First night back on the Gibb and there’s lightning in the sky. There’s Barking Owls in the trees. There’s freshwater crocs – and baby crocs! – in the river. My feet are in the dirt. The air is warm and thick and beautiful – like a well worn and much loved comfort blanket.
My last proper Kimberley fun run outside of work was 8 months – and what feels like a lifetime – ago. F$#k, it feels good to be back on country.
That right hand turn off the highway and onto the Gibb just outside of Derby never ever gets old. As I head east away from the setting sun there in lightning on the horizon and a storm that brings a beautiful warm breeze and what is probably the last, much needed, rain of the Wet. I pull up by the side of the road and sit on the roof of the car as the storm passes over. The road is sloppy. The place is green. The Boabs are lush. The XXXX is cold. Life is definitely better in the Kimberley.
The first day on these trips never fails to make an impression. It’s as if the Kimberley knows all the tricks to reset your soul, realign your priorities and deliver a massive jolt of Mother Nature at her best. You wake up in Broome surrounded by the modern world – a world of white walls and straight lines and Facebook chatter. And 6 hours later I’m off the grid and rolling out my sleeping mat next to the river – transported to a place of magic and nourishment and adventure.
The Gibb is generally known for its waterfalls and rough roads and sandstone escarpments. But for me it is a place that quietens the mind and settles the soul. And it reminds me time and time again of just how amazing the natural world can be.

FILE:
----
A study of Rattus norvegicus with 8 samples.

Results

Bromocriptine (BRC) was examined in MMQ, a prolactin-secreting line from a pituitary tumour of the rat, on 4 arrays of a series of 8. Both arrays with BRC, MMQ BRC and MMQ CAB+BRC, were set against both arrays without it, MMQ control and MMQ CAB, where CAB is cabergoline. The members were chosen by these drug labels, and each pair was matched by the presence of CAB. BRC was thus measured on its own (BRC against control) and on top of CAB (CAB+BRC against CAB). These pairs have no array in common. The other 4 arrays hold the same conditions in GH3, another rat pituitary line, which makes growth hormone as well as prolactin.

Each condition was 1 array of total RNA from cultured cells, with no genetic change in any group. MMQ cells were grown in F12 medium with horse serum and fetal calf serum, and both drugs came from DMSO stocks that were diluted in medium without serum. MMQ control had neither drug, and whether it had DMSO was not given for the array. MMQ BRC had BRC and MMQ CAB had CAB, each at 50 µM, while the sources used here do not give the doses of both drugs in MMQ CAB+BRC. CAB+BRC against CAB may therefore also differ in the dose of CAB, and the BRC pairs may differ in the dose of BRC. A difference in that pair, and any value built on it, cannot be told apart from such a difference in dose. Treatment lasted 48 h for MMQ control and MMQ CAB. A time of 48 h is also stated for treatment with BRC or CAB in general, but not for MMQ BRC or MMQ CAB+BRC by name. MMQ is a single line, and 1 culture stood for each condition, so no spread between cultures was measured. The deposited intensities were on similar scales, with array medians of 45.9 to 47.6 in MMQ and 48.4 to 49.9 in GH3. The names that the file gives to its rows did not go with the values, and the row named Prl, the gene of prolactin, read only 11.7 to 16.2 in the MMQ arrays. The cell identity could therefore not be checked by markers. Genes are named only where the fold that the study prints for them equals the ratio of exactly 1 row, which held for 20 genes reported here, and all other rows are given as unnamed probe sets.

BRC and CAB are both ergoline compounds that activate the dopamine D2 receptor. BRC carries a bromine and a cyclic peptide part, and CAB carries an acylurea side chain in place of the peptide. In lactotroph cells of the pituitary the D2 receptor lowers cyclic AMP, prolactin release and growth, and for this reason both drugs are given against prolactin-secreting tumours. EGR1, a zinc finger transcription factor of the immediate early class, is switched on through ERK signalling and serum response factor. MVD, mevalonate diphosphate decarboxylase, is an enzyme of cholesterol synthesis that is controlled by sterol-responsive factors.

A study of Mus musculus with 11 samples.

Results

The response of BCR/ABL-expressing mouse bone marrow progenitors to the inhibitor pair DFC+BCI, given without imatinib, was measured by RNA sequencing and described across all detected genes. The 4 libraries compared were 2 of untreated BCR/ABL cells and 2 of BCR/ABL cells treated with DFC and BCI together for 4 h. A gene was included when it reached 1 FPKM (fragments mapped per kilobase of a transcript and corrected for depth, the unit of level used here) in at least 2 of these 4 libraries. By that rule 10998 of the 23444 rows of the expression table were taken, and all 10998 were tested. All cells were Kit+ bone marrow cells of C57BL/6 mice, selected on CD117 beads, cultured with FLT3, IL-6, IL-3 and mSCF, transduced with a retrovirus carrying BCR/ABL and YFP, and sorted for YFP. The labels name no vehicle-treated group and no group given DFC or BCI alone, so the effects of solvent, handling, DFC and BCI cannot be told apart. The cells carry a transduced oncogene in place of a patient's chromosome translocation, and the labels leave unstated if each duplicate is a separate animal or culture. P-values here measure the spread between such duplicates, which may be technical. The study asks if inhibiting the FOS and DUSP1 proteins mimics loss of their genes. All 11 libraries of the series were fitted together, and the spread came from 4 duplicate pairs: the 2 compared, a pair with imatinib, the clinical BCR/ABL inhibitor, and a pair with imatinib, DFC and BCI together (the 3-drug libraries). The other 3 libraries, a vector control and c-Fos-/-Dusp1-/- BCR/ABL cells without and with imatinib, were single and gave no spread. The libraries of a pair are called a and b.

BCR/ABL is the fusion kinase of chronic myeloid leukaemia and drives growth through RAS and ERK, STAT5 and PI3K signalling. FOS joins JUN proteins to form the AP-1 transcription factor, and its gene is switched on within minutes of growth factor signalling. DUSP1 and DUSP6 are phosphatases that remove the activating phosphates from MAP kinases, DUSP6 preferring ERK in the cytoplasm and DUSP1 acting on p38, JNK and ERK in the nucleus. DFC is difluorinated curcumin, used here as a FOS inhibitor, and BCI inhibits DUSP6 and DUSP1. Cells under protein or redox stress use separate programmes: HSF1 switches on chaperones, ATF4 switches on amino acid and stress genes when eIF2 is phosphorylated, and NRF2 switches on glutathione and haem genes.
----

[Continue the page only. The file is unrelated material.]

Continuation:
In less than 24hrs, and with no effort whatsoever, I’ve seen bright yellow Budgies, elegant Red-tailed Black Cockatoos, Crimson Finches and Chestnut-breasted Mannikins. I’ve seen Red-winged Parrots and Rainbow Lorikeets and Rainbow Bee-eaters. Azure and Red-backed Kingfishers. I’ve seen Australian Bustards, Jabirus, Brolgas and Fairy Wrens. I’ve seen Blue-winged Kookaburras and Corellas and Dotterels. Kites, and Buzzards and Harriers. I’ve seen Yellow-spotted Goannas, Blue-tongued lizards and freshwater crocs. Any one of these animals is enough to make you stop and marvel and appreciate just how amazing nature can be. To see them all in the space of 24hrs, at the start of a 2 week trip, is pretty special.
Six years of living and travelling in the Kimberley has made it clear to me there is something deep inside us that longs for this primal connection to nature, whether we are aware of it or not. Some people fish. Some people meditate on the beach next to crashing waves. Some enjoy sitting next to a campfire under the stars. These trips – and the unspoiled nature that is on display – are a perfect and much needed reminder of all the things that are important to me and all the things that make me feel alive. Life is definitely better in the Kimberley.